In California, three out of ten people who died in an accident on the roadways in 2010 had drugs in their system at the time of the fatal accident. This information, recently released by the California Office of Traffic Safety, has caused law enforcement and the press to suggest that drugged driving may be even more fatal to California residents than drunk driving.
“While law enforcement has long targeted drunk driving, drugged driving has received far less attention over the years,” explained California personal injury lawyer James Ballidis.
Drugged driving involves operating a motor vehicle when impaired by any medication or drug. This includes not just illegal drugs such as marijuana or cocaine, but also legal and prescription drugs. Even certain over-the-counter medications that make you drowsy may seriously impair your ability to drive and may lead to a potentially fatal drugged-driving accident.
Managing the Problem of Drugged Driving
One major problem that exists that may be contributing to the high number of drugged driving deaths is that drugged driving does not get the attention that drunk driving does and that there are no clear intoxication standards for drugged driving. All drivers know that the legal limit for alcohol is a BAC of .08 for adults and most people can use that information to make an informed decision about exactly how much they can drink before they get behind the wheel of a car.
With drugged driving, on the other hand, there is no clear standard. There’s no specific law that specifies how much of any one drug a person may consume prior to taking the wheel of a motor vehicle. Things become even more confusing when the substance is a legal or a prescription drug. As a result, people may not have any barometer for deciding in advance when to arrange a designated driver when they plan to use recreational or other drugs. This means that even people who might never drive drunk might not necessarily be concerned about ingesting prescription drugs prior to driving.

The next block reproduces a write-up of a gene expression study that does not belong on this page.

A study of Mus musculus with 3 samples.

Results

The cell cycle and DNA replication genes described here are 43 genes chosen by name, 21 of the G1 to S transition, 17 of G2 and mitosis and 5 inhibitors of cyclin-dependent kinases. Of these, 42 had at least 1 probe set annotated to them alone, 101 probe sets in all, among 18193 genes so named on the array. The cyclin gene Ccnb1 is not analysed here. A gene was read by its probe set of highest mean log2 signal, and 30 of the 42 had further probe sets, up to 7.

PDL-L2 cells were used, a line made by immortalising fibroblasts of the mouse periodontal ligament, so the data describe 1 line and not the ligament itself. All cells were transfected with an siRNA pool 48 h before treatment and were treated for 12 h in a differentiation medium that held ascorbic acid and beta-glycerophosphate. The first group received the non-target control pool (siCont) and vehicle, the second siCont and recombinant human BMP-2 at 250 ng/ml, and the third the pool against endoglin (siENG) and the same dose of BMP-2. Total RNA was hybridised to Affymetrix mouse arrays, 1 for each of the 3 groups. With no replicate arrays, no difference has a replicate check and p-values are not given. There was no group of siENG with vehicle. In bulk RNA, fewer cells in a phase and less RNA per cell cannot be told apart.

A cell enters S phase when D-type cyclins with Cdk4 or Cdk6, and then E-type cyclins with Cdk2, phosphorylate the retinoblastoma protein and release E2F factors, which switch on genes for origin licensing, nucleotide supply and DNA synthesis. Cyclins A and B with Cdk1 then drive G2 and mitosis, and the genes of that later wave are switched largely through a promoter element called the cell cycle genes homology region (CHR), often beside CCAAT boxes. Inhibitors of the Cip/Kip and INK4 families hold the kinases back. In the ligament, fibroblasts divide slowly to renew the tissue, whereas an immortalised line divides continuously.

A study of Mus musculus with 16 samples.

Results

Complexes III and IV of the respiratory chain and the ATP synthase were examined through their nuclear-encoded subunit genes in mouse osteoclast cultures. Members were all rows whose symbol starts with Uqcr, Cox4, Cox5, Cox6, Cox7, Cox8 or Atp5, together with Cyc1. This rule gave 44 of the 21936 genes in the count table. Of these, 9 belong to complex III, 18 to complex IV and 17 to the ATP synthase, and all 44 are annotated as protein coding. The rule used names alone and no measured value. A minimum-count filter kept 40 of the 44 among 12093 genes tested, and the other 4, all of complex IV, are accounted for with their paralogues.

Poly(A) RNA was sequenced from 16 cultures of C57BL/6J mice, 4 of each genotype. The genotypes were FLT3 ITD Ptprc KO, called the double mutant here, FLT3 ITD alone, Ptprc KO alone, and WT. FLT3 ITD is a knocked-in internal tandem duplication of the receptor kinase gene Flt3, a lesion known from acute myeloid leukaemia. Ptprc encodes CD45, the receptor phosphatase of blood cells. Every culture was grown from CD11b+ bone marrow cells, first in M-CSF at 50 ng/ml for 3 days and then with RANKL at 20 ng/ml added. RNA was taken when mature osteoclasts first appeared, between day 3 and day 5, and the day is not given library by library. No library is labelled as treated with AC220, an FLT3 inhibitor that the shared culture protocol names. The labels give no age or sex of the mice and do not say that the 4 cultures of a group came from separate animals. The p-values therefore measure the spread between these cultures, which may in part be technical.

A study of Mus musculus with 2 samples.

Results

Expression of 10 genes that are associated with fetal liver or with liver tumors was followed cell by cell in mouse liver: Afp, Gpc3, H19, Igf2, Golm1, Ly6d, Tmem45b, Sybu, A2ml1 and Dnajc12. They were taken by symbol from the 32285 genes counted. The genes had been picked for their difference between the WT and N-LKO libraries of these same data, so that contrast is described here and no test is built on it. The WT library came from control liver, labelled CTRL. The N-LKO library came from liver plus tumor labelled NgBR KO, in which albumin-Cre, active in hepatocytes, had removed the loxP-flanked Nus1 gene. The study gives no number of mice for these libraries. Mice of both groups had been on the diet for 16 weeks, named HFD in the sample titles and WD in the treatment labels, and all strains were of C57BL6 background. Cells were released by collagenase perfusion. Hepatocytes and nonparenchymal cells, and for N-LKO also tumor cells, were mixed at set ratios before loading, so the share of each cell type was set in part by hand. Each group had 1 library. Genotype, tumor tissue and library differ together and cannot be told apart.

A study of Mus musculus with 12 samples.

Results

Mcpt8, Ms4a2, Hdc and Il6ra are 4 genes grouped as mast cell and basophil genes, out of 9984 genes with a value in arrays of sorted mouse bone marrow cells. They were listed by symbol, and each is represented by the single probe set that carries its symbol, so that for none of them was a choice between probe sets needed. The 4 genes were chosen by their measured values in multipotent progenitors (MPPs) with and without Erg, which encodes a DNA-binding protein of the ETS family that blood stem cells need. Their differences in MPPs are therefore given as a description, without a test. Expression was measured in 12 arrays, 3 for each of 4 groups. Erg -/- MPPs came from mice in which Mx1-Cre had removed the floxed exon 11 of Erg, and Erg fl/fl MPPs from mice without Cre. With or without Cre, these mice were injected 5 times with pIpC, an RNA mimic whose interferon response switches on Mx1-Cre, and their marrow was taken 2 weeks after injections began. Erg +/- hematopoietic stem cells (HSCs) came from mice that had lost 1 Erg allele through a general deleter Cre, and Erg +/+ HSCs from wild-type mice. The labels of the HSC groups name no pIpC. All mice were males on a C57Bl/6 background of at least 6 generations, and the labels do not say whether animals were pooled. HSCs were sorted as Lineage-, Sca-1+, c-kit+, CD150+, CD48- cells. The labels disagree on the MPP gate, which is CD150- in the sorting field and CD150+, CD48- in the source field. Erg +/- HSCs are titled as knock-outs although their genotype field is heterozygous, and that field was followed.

Fighting drugged driving is likely to remain a major challenge unless and until a uniform standard has been devised to determine what the illegal level of impairment is for various drugs. With no impairment level, not only is it impossible for an objective standard to be applied across the state to determine when someone is breaking the law, but it will also be more difficult for drugged-driving cases to be prosecuted in order to punish offenders since there is no clear definition of the crime for a prosecutor to prove.
With the startling figures related to drugged driving in California, it is clear that the legislature needs to act soon to make some type of change. While those who are victims of drugged driving accidents can bring civil lawsuits to get compensation and seek some measure of justice, a uniform standard for drugged driving must be established to allow for the fair and uniform imposition of criminal penalties for the offense.